Germany's central bank plans to bring back to Germany almost 700 tons of gold reserves it keeps in New York and Paris.
By 2020, half of its gold bars will be in its vaults, the Deutsche Bundesbank said in its January 16 announcement. It currently keeps less than a third at home.
The bars were originally taken out of Germany in the 1950s as a precaution against an invasion from the Soviet Union.
The Bundesbank will no longer keep any of its reserves in Paris.
It will reduce the amount it holds in the New York Federal Reserve Bank from 45 percent to 37 percent of its reserves, by the end of the decade.
Leaving Gold in London
No gold will be moved out of the Bank of England's vaults, however. The Bundesbank will still keep 13 percent of its total reserves in London.
Curiously, just three months ago, the Bundesbank went out of its way to give the impression that it was just fine with having a good portion of its gold stored with the New York Fed. Bundesbank Executive Board Member Andreas Dombret delivered a speech in which he spoke about the gold and directly addressed New York Fed President Bill Dudley, who was in the audience:
Please let me also comment on the bizarre public discussion we are currently facing in Germany on the safety of our gold deposits outside Germany – a discussion which is driven by irrational fears.
In this context, I wish to warn against voluntarily adding fuel to the general sense of uncertainty among the German public in times like these by conducting a “phantom debate” on the safety of our gold reserves.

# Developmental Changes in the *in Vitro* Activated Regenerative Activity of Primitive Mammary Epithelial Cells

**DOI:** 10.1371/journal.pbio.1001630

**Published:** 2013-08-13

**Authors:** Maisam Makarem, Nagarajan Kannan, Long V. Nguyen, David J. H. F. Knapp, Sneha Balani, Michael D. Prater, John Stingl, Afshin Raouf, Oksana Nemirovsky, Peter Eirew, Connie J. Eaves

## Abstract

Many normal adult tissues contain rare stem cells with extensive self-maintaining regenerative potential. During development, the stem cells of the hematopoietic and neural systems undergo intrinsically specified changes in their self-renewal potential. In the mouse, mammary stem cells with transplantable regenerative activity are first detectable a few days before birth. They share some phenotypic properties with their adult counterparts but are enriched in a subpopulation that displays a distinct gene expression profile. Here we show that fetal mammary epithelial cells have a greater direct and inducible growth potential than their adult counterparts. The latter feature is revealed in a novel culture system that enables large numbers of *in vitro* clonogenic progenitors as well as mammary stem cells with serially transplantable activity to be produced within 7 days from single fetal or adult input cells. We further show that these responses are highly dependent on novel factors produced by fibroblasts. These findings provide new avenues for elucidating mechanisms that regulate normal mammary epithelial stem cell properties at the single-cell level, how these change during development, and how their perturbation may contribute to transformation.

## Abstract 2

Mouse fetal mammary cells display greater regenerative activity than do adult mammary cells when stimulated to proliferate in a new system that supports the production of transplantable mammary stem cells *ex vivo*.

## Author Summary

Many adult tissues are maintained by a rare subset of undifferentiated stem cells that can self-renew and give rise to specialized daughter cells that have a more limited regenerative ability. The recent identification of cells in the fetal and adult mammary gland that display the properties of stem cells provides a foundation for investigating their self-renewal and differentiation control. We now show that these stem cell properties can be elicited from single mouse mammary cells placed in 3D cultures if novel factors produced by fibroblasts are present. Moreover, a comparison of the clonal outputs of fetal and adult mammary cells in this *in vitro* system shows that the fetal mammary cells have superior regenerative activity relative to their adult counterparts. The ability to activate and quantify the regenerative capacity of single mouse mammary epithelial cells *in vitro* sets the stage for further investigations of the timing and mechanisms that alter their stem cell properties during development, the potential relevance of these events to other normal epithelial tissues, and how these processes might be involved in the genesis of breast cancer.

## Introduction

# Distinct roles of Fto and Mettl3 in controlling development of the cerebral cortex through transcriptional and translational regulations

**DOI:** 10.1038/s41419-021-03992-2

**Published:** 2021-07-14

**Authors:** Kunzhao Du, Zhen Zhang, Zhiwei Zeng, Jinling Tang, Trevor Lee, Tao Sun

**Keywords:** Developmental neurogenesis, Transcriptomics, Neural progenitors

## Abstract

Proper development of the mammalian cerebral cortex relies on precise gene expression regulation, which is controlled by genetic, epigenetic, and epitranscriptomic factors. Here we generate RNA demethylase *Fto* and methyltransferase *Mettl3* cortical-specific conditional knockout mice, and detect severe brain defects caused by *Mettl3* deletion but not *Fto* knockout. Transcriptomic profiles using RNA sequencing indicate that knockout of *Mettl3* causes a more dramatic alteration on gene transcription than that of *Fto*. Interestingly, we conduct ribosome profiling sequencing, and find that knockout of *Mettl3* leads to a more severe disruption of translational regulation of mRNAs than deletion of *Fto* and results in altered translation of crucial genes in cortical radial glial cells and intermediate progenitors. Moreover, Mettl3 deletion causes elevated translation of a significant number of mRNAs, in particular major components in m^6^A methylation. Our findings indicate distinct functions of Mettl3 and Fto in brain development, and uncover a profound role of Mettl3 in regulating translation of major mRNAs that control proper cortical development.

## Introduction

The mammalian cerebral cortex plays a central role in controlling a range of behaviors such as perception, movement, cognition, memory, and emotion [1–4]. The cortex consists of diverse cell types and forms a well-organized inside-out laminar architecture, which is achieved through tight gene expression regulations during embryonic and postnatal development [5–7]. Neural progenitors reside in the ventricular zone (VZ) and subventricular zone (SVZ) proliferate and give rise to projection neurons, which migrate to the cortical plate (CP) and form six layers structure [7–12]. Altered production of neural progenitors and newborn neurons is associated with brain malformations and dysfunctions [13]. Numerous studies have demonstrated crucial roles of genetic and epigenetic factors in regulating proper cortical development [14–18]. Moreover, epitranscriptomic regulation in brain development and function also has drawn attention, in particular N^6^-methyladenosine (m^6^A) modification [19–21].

The arguments raised are not really convincing. And I am glad that this is common sense for most Germans. Following the statement by the President of the Federal Court of Auditors in Germany, the discussion is now likely to come to an end – and it should do so before it causes harm to the excellent relationship between the Bundesbank and the US Fed.
Throughout these sixty years, we have never encountered the slightest problem, let alone had any doubts concerning the credibility of the Fed. And for this, Bill, I would like to thank you personally. I am also grateful for your uncomplicated cooperation in so many matters. The Bundesbank will remain the Fed’s trusted partner in future, and we will continue to take advantage of the Fed’s services by storing some of our currency reserves as gold in New York.
Grassroots for Gold
The Bundesbank likely won't stop at keeping 37 percent of its gold supply at New York Fed. There is a major grassroots movement to bring all the gold home. MarketWatch reports:
Under the slogan, “Repatriate our Gold!”, Gold Action has been gathering petitions for its campaign from a host of big names, such as Frank Schaeffler, a member of German parliament.
“We believe it is essential to re-introduce a (partial) goldbacking for the world’s monetary system. And in order to back future national currencies, the gold needs to be physically present in the respective country,” says Gold Action.
There is a lesson for Americans here. If the Germans are spooked about gold held at the New York Fed, where things are relatively transparent, what should Americans think about US Treasury gold supposedly held at Fort Knox, but which no one is allowed to see?
Robert Wenzel (firstname.lastname@example.org ) is editor and publisher of EconomicPolicyJournal.com. Used with permission.